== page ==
South Africa's AMCU union and major platinum producers met on Monday for more talks aimed at ending a crippling five-month miners' strike, in a crucial day for negotiations with the government set to pull out of mediation if a deal is not agreed.
About 70,000 workers downed tools in January, demanding higher pay. The strike has halted mines that normally account for 40 percent of global platinum output and has hit wider economic output in Africa's most advanced economy, pushing it into contraction in the first quarter of this year.
The spokesman for the Association of Mineworkers and Construction Union (AMCU), Jimmy Gama, told Reuters that union leaders were in talks with mining company bosses on Monday but gave no indication as to how they were progressing.
Mining ministry spokesman Mahlodi Muofhe said earlier on Monday that he believed AMCU and the world's top three platinum producers, Anglo American Platinum, Impala Platinum and Lonmin, would agree a deal on Monday.
“We believe that the parties themselves are at a point where they feel that they have to get to some kind of resolution,” Muofhe told the SAfm state broadcaster.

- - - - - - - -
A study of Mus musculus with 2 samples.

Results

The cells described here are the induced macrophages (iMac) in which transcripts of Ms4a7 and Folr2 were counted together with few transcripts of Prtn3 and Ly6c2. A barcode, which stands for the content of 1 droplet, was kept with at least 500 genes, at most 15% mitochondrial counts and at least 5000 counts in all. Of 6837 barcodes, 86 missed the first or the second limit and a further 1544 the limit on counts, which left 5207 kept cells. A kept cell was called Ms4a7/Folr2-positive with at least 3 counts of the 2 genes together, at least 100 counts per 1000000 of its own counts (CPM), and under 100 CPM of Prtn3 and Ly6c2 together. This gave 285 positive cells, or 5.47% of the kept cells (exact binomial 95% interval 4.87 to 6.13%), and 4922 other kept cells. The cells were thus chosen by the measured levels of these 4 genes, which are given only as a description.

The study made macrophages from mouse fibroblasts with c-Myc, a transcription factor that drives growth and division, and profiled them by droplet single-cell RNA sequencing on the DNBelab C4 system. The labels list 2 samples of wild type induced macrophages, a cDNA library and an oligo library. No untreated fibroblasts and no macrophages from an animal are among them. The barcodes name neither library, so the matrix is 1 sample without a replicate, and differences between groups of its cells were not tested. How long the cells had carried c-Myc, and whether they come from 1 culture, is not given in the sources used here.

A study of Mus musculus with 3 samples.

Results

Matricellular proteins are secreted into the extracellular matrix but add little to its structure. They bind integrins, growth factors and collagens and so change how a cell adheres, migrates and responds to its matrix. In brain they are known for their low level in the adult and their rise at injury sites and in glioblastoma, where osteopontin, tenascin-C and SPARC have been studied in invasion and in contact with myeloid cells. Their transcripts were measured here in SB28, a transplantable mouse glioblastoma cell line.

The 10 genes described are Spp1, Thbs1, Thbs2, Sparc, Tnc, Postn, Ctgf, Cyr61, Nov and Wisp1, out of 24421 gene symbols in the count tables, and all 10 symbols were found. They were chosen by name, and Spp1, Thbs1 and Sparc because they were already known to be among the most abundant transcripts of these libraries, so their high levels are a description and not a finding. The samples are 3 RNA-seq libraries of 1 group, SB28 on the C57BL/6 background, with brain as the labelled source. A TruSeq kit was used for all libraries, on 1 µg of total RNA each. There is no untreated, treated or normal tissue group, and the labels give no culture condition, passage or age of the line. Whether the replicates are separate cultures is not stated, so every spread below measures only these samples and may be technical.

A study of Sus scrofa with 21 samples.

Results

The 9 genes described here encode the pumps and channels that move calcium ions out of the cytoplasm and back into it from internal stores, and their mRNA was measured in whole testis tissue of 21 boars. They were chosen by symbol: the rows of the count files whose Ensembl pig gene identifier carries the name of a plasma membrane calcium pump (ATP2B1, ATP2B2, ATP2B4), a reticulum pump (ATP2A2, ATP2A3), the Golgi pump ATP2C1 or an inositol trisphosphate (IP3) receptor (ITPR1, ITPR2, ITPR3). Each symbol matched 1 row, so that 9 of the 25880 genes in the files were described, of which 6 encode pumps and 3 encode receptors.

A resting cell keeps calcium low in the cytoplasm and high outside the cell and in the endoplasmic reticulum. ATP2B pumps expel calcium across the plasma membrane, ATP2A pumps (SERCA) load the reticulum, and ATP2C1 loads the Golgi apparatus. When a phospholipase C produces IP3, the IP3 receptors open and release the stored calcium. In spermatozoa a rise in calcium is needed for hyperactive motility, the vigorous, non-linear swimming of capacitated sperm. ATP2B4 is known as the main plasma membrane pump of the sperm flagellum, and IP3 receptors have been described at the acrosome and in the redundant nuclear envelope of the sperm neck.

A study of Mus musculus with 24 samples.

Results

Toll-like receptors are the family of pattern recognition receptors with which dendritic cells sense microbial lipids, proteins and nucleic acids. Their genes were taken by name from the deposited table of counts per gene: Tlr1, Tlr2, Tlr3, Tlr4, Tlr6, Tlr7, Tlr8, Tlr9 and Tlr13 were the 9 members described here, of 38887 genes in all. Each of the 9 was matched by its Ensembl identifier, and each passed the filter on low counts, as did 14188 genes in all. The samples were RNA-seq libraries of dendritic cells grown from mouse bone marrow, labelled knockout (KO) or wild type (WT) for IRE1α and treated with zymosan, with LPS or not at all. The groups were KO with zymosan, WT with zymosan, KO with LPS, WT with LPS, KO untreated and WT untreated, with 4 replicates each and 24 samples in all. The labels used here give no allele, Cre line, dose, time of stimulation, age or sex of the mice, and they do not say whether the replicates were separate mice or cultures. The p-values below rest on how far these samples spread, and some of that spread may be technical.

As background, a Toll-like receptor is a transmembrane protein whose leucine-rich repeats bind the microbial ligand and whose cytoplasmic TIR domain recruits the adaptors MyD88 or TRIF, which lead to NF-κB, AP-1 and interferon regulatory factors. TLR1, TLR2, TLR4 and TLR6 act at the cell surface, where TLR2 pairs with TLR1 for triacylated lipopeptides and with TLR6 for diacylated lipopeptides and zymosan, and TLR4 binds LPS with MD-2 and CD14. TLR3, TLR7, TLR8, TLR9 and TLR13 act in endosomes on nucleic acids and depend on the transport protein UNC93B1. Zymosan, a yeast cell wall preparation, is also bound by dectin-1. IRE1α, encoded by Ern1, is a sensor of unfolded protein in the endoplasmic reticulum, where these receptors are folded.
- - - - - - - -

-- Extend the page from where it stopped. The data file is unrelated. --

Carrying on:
Mining minister Ngoako Ramatlhodi said on Saturday that the government would pull out of its mediating role if the two sides could not reach a deal at the meeting on Monday, saying the government could “take them to the river but not make them drink”.
AMCU workers at mines run by Anglo American, Impala and Lonmin went on strike to demand that their basic wages be more than doubled to 12,500 rand ($1,200) a month.
The sides have previously held several rounds of talks, with the companies offering pay increases of up to 10 percent, which would raise the overall minimum pay package to 12,500 rand by July 2017, although this includes cash allowances for necessities such as housing.
The union has so far rejected the offers from the companies and those proposed by a government mediating team.